Monday, March 29, 2010

A Paper Airplane Pilot

Due to technical difficulties, Mrs. Hillbilly Mom has been incommunicado for an eon. The #1 son was away at the state bowling tournament all weekend, and left Mrs. HM high and dry with her internet connection discombobulated. The following post was meant for Friday, March 26.


We took a smaller contingent to the community college science fair this year. What's up with kids these days? You can't even bribe them with bonus points anymore. About half of those who sent in their entries did not attend. It might have had something to do with the scheduling, which put the science fair on the same day as the district band contest held at a different community college.

Don't go pointing fingers at Mrs. Hillbilly Mom. She had nothing to do with the scheduling. That would be the host college. Seems there was something going on with the availability of the gym, and all the sponsors wanting to make sure the science fair was held on a Friday. If you think we had trouble getting students to enter this year, imagine what it would have been like if we told them it was going to be held on a Saturday. That plane wouldn't fly.

Speaking of planes, that was the #1 son's project this year. How force affects the flight of paper airplanes. Of course you can't just fling paper airplanes through the atmosphere willy nilly. How scientific would THAT be? You have to control the launch force and the angle and the direction and how long you hold it before you let go. Unless you do, there are too many variables affecting the flight. So my boy built himself a paper airplane launcher.

I must admit I was not a big fan of the project idea. I could not understand how he was going to build a launcher. He tried to describe it and sketch it for me, but I could not visualize it. He and NASA Engineer H holed up in the barn for two hours one Sunday, and VOILA! A paper airplane launcher was born! I could not believe how deceptively simple the process appeared. Of course, there were a few bugs to be worked out. Bungee cords were the method of propulsion, releasing a little wooden cart that looked like something out of the mine scene in an Indiana Jones movie. It ran along a metal garage door track, and slammed into a wooden panel, launching the paper airplane that was held in a V-shaped cradle of four screws mounted on the cart. Except that the friction was too much for the plane to sail smoothly off the cart, and the cart itself could not get up a good speed due to its mass and heavy metal wheels.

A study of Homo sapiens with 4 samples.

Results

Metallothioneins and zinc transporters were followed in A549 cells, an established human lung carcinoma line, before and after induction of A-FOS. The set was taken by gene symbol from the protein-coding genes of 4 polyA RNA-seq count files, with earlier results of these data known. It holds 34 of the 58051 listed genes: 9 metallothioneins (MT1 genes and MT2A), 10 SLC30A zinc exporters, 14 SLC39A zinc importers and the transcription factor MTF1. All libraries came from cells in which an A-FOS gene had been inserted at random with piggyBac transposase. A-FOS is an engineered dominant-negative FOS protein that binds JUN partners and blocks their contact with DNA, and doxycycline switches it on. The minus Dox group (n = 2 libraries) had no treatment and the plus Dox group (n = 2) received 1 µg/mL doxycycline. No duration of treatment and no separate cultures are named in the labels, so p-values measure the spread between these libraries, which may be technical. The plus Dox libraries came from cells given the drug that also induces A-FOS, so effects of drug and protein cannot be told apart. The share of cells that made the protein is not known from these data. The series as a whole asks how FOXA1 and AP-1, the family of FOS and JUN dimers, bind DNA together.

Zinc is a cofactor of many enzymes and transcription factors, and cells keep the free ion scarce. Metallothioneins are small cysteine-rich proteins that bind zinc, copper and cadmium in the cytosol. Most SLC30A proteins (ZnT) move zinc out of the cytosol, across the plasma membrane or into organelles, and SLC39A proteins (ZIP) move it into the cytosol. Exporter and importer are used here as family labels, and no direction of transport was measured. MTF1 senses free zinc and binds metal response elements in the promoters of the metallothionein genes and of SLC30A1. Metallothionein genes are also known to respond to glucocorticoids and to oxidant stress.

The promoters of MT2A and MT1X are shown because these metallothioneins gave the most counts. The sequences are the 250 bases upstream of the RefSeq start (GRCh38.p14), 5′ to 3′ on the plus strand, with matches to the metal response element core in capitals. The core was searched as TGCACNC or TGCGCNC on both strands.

Hillbilly Mom to the rescue. I suggested shaving off some wood from the cart to make it lighter. #1 let it slip that just for fun, he had set the plane in the groove of the metal track and flicked it with his hand, and it sailed. Still not scientific, flicking the paper plane. So I suggested a wooden thingy mounted on the cart that would follow along the groove and shove the plane. #1 took a piece of scrap wood and attached that dealybob in short order. That was his first prototype. Which is a ridiculously redundant statement, because of course a prototype is the first one.

Anyhoo, he took it to school and tested it in the flight tunnel we commonly call The Hallway. It worked OK, but he brainstormed a new track set-up with less clunkiness and friction. Networker H got some parts from a salesman at work, and the final model was born. #1 used stronger, flat bungees instead of the little round bungees. He ran into trouble with no way to measure the force of the strongest set-up of four bungees. The best we could do was a fish scale, which only went to 28 pounds. In hindsight, a luggage scale or livestock scale would have been beneficial.

So #1 had to explain in his results that while he could calculate acceleration for the first two force trials, he could not do so for the strongest one, the one that proved his hypothesis that too much force provides too much lift, and makes the plane stall and plummet. He also forgot to set up his Zune that played a loop of his testing efforts. His excuse was that the judges started with him, and he wasn't ready because every time he left his display, he had to pick up the Zune and take it with him to prevent theft, and he forgot that it was in his pocket when the judges came. And also, he was a bit discombobulated because the safety committee had made him take the bugees off the rail thingamajig, because no projectiles were allowed. Oh, really. Half the projects there involved projectiles. Just ask the dude who had a golf club swinger.

The bottom line is...#1 won his category of High School Physics, and according to one of the judges, it was between him and the Behavioral Science winner for Best In Show. The other dude won, with a logbook of 365 days and a continuation of his last year's project. Not a real surprise, as this kid wins Best In Show every year. He is a senior, and no doubt won the scholarship that the college offers for science fair. #1 did not mind. He won his category and the $50 prize, and while Best In Show is an honor, it does not carry any more financial rewards.

Two of our middle school students also won 1st place in their categories. Last year we had more awards, but they were thirds and honorable mentions.

Since he began entering the science fair in 6th grade, #1's record stands at:

6th Grade-1st Place, Middle School Physics
7th Grade-1st Place, Middle School Physics
8th Grade-Honorable Mention, Middle School Engineering
9th Grade-1st Place, High School Physics

Not a bad showing for the young whippersnapper. This concludes the maternal bragging. I will try to post some pictures of the plane-launcher when #1 returns from the state bowling tournament with the photos and the knowledge.


Kathy's Klothesline said...

congrats to your #1 offspring ....

Hillbilly Mom said...

Thanks. He is quite the gadget-maker.